Rapper Shah Rule says trust is the most important factor when collaborating with other artistes as he discusses his debut EP ‘Hooked’
Hip-hop is still evolving as a music genre in India, but the scene isn’t less crowded by any means. Ask 28-year-old rapper Rahul Shahani — known professionally as Shah Rule — who recently released his debut EP titled Hooked, and he describes the space as a ‘pyramid’.
“There are a few guys at the top and then [the field] keeps growing as you go down. There are people still struggling to find their place, or their managers; some are still trying to figure what they want to talk (read as: rap) about. I started when I was 13 and only in the last three years have I figured what it is I want to talk about,” he says, over phone from Goa.
Keeping it simple
Born in Honk Kong, raised in Moscow and educated in London, Shah’s experience growing up amid different communities across the globe has given him a lot of space to build his lyricism. Still, he chooses to beat a simple path in the quest to craft his signature beats. “DIVINE says this a lot…,” he begins, by namedropping a prominent figure in the Indian hip-hop scene and with whom he collaborates frequently under the Gully Gang Entertainment label, “… that the simplest line gets the job done. You don’t need literary devices or metaphors to say a simple verse.”
Simple rhymes are a defining factor in the five songs that make his EP — out of which four feature other artistes. “Humour is something that gets people going. So I always try to find the most funniest references… like ‘I’ve got more chains than Bappi Lahiri in a prison’,” he adds.
Unlike the majority of hip-hop musicians in the country whose music is generally influenced by Punjabi beats, Shah Rule remarks that he prefers to strike a balance between the mainstream sounds and “what hardcore hip-hop heads prefer”. “All my songs have some commercial value so that it can go beyond radio and the club. I grew up on pop music so I want to make songs that people would love to sing but, at the same time, I also love lyricism and putting intelligent rhymes, metaphors and similes.”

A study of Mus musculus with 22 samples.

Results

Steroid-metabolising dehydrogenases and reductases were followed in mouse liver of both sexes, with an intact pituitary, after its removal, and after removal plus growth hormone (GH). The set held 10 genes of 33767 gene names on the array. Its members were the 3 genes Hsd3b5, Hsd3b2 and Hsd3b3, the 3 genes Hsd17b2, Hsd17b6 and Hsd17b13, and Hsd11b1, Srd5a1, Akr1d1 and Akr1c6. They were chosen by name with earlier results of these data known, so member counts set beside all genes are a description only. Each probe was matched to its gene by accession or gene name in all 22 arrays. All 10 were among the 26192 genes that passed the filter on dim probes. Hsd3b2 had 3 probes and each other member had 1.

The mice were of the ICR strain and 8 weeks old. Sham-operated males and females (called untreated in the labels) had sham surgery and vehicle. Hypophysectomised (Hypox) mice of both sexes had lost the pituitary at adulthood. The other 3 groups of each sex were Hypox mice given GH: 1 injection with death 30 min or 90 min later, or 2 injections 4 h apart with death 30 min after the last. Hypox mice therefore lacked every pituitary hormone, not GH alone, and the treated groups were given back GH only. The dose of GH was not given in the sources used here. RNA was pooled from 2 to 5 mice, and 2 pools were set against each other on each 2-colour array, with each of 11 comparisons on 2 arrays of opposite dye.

Hooked, for instance, has been influenced by R&B. It also features DIVINE, Meba Ofilia, Frenzzy, Sikander Kahlon and Diesby. The broader theme dealt with in the EP is on the “perks and perils of social media”. Shah says that he came up with the EP’s title when he noticed his “abnormal obsession for the screen” during a recording session.
But bringing in other artistes often presents its own set of challenges, in terms of communicating your idea and expecting a satisfactory output. Shah Rule, however, says that he had no such problems. “Of course, I needed the right voices and people that speak the right messages. The EP was made during the first lockdown last year, so sitting with each producer or artiste was not possible although that is what I would have preferred. Fortunately, I have worked with most of the artistes before and even the few I haven’t, I can send them a beat and they deliver what I need. It really is about trusting the collaborator and giving them room to explore so that they can give it their all,” he adds.
The five songs in the EP are ‘Khara Sona and Hooked’, ‘Clap Clap’, ‘Khaas’, ‘Memes’ and ‘Don’t Forgive Me’. “It was a long wait; the EP was delayed quite a bit due to the pandemic but everything happens for a reason. I am trying to bring positivity and educate people through my music. If it even allows anyone to escape this current predicament for two minutes, then my job is done,” says Shah Rule.